Video: Tale of two centuries for prized author
IN scenes beyond even the imagination of Britain's greatest novelist, the life of Charles Dickens was celebrated yesterday at simultaneous events at his birthplace, Portsmouth, and at the site of his burial in Westminster Abbey.
Two centuries after the author's birth, the Prince of Wales laid a wreath on his tombstone in Poets' Corner, while at the house where he was born, children acted scenes from 'Oliver Twist'.
A group of penny-farthing riders called the Pickwick Bicycle Club paid tribute to 'The Pickwick Papers', the story that brought him to the attention of the public in 1836.
Actor Simon Callow joined members of the public to sing Happy Birthday outside the Charles Dickens Birthplace Museum in Portsmouth.
And British Culture Secretary Jeremy Hunt gave Dickens novels to his cabinet colleagues -- David Cameron received 'Hard Times' and 'Great Expectations'; Nick Clegg was given 'Oliver Twist'; and George Osborne was handed a copy of 'A Tale of Two Cities'.
The celebrations were also global: audiences in 24 countries took part in a Dickens 'readathon', which began with an excerpt from 'Dombey and Son' in Australia and ended with a passage from 'The Mystery of Edwin Drood' in the United Arab Emirates.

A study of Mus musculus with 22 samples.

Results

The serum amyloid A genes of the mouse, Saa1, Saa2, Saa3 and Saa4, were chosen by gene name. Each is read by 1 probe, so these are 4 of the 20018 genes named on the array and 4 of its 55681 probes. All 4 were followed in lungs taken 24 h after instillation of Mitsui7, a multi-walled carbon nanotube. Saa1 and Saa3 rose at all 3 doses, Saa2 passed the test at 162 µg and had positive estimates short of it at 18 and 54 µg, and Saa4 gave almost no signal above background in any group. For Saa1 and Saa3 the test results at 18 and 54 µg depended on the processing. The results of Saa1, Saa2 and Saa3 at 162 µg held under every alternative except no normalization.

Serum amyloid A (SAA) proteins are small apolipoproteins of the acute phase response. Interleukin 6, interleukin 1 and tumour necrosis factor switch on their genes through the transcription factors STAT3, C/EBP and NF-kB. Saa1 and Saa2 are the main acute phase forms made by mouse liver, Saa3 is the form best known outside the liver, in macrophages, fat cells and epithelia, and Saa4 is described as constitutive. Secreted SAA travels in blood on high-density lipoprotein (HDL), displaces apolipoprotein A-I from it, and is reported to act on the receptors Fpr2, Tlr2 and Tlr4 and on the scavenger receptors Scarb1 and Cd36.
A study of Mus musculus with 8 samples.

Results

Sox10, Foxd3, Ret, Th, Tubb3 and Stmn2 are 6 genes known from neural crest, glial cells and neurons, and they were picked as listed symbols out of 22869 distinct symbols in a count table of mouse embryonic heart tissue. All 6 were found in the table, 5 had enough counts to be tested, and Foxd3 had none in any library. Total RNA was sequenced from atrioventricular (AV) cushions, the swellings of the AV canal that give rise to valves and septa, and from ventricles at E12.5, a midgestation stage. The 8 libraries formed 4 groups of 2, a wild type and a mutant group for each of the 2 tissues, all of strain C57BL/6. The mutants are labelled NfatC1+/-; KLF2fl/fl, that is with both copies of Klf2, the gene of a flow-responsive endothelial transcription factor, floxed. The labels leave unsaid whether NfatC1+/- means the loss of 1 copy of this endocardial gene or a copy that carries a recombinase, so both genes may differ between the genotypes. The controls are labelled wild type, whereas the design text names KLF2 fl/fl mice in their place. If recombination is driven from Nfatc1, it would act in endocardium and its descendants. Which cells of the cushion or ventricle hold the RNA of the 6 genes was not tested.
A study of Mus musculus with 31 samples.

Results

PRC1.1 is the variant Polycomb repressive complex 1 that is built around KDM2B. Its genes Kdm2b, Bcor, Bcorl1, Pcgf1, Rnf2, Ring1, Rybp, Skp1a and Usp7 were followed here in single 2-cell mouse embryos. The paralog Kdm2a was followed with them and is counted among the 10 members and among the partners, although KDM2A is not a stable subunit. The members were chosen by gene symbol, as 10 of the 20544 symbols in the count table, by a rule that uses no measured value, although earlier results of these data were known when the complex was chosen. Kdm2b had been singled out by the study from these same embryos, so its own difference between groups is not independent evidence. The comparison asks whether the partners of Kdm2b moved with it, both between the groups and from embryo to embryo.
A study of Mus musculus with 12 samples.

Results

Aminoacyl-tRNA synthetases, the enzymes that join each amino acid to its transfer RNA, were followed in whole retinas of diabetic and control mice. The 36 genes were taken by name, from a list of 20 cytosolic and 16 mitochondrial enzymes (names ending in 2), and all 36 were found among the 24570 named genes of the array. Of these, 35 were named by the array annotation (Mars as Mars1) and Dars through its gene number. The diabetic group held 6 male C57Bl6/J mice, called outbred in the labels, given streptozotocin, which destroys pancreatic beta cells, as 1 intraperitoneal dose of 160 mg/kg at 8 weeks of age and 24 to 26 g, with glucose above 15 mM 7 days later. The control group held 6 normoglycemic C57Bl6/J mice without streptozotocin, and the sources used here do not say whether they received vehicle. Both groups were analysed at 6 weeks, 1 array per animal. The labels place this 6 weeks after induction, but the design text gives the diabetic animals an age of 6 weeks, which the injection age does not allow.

Prince Charles declared Dickens "one of the greatest writers in the English language" in a statement read out at a service at St Mary's Church, Portsmouth, where the author was baptised.
"Dickens used his creative genius to campaign passionately for social justice," he said. "The word Dickensian instantly conjures up a vivid picture of Victorian life with all its contrasts and intrigue, and his characterisation is as fresh today as it was on the day it was written."
The Prince of Wales and the Duchess of Cornwall visited the Dickens Museum in Doughty Street, London, one of the writer's former homes, where they listened to a reading by Gillian Anderson, who recently played Miss Havisham in a BBC production of 'Great Expectations'.
Nearly 800 people attended the wreath-laying service in Westminster Abbey, where the Archbishop of Canterbury, Rowan Williams, spoke of Dickens's unique ability to capture the human condition "by exaggeration, by caricature". He said: "The figures we remember most readily from his works are the great grotesques."
The observation was confirmed by a Penguin poll of favourite Dickens characters yesterday, showing Ebenezer Scrooge from 'A Christmas Carol' as the public's favourite, ahead of Miss Havisham, with seven villainous figures in the top 10.
The Archbishop also highlighted the author's great compassion and empathy with the Victorian poor.
"He loves the poor and destitute. Not from a sense of duty, but from a sense of outrage that their lives are being made flat and dead," he said.